When your divorce is over and the marital settlement agreement has been signed and judgment has been entered, you can settle into your routine as either the custodial or non-custodial parent. You may not have agreed with the custody arrangement or the time sharing schedule, but you have to adhere to it for the benefit of your children and so all of you can proceed with your lives. But the child custody order or parenting plan can be modified or changed at some point if it is in the best interests of the children and conditions have materially changed.
Changes are not unexpected in a parenting plan. One of you may change jobs, wish to relocate, are suffering a serious medical condition, or find that you or ex-spouse are having problems raising the child and a change in custody may be in the children’s best interests. If your child is old enough and exhibits a certain maturity and prefers to live with the other parent as the primary custodian, then this factor is seriously considered along with others.
How to Modify the Parenting Plan
If you and your spouse are in agreement, you can request a change from the court. You might have to meet with a mediator initially to discuss the reasons for the change before you meet the judge. In any event, you will have to demonstrate the following:
- There has been a significant change in circumstances that affects the health, education or general welfare of the child or children so that a change in custody or visitation will be in their best interests
- Show that a change will result in a stable, safe and consistent routine
- Have a new parenting plan drafted that details the new proposed custody and time sharing schedule
The court will not automatically grant you a modification unless it is convinced that it is best for the children and that a material change in circumstances has occurred. It is always best to consult with a divorce attorney even if you and your spouse are in agreement over the changes to ensure the proper forms are completed and that your reasons for the modification are reasonable.
Of course, there are cases where only one party is requesting a change in custody. This may arise because the custodial parent is incarcerated, or is about to be, or there is evidence of abuse, neglect, abandonment or serious misconduct. If you can show that the health and welfare of your children are imperiled, that no stable or consistent routine has been established and that you are capable of providing such a routine in a safe and healthy environment, then your chances of succeeding in modifying or changing the custody or parenting plan are substantial.
Mediation in these cases is usually ordered before a hearing is held to see if the proposed changes do meet the standard of being in the child’s best interests or if there are disputed allegations. Evidence that you may need to force a change may include:
- The parent is denying you visitation on a consistent basis
- Your child’s school work or performance is seriously suffering
- There is a lack of discipline in the primary home with the child constantly in trouble or is chronically truant from school
- The child is being subjected to physical abuse or a third party is administering the punishment The custodial parent has been charged with or convicted of a serious crime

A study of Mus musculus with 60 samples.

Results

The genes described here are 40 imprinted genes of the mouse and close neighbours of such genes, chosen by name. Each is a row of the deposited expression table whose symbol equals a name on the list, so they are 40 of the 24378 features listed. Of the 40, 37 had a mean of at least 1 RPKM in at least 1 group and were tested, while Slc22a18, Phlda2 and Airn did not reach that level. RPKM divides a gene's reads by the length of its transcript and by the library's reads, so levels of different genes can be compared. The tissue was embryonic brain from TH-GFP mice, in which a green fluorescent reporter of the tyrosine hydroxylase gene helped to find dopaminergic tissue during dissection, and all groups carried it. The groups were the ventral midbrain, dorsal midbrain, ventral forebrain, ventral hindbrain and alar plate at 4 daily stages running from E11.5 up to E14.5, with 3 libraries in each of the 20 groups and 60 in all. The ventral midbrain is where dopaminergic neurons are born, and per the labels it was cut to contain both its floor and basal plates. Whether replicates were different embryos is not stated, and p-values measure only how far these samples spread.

- There is evidence the parent is abusing drugs or alcohol
- The custodial parent is not spending much time with the children or is incapable of meeting the daily needs of the children
You may need considerable evidence of misconduct or risk to the child to prove your allegations so consulting with a divorce attorney is always recommended if you are seeking a change in custody or even time sharing without the agreement of the other parent. You will also need to draft a proposed parenting plan for court approval.
Enforcement of Custody Orders
Once the court approves a parenting plan and custody arrangement, it has the force of law. Anyone who is involved in the custody or care of the children, including a daycare facility, should have a copy of the order in case the other parent attempts to circumvent it by appearing and demanding that he or she take the child in violation of it.
Should the other parent violate the order, keep a record of the date, time and circumstances of each violation. In some cases, you may have to contact law enforcement if your child is not returned at the prescribed time. If the parent is consistently and willfully violating the order, you may be able to have the parent held in contempt by the court.
An Order to Show Cause regarding contempt is a criminal charge and the accused parent has all the due process rights of anyone charged with a criminal offense. In California, each charge of contempt is punishable by a fine of up to $1,000 and up to 5 days in jail. Community service of up to 120 hours for a first time offense is an option for the court to impose.
Contact A Divorce Attorney
Are you seeking a change in custody or visitation, or is your former spouse or partner seeking a change without your consent or agreement? If so, you need the services of an aggressive divorce attorney from The Law Offices of Omar Gastelum. Our attorneys have been representing the rights of fathers and mothers in child support disputes and in child custody issues that arise after divorce. Contact our offices today for an evaluation and frank discussion of your custody or other divorce matters.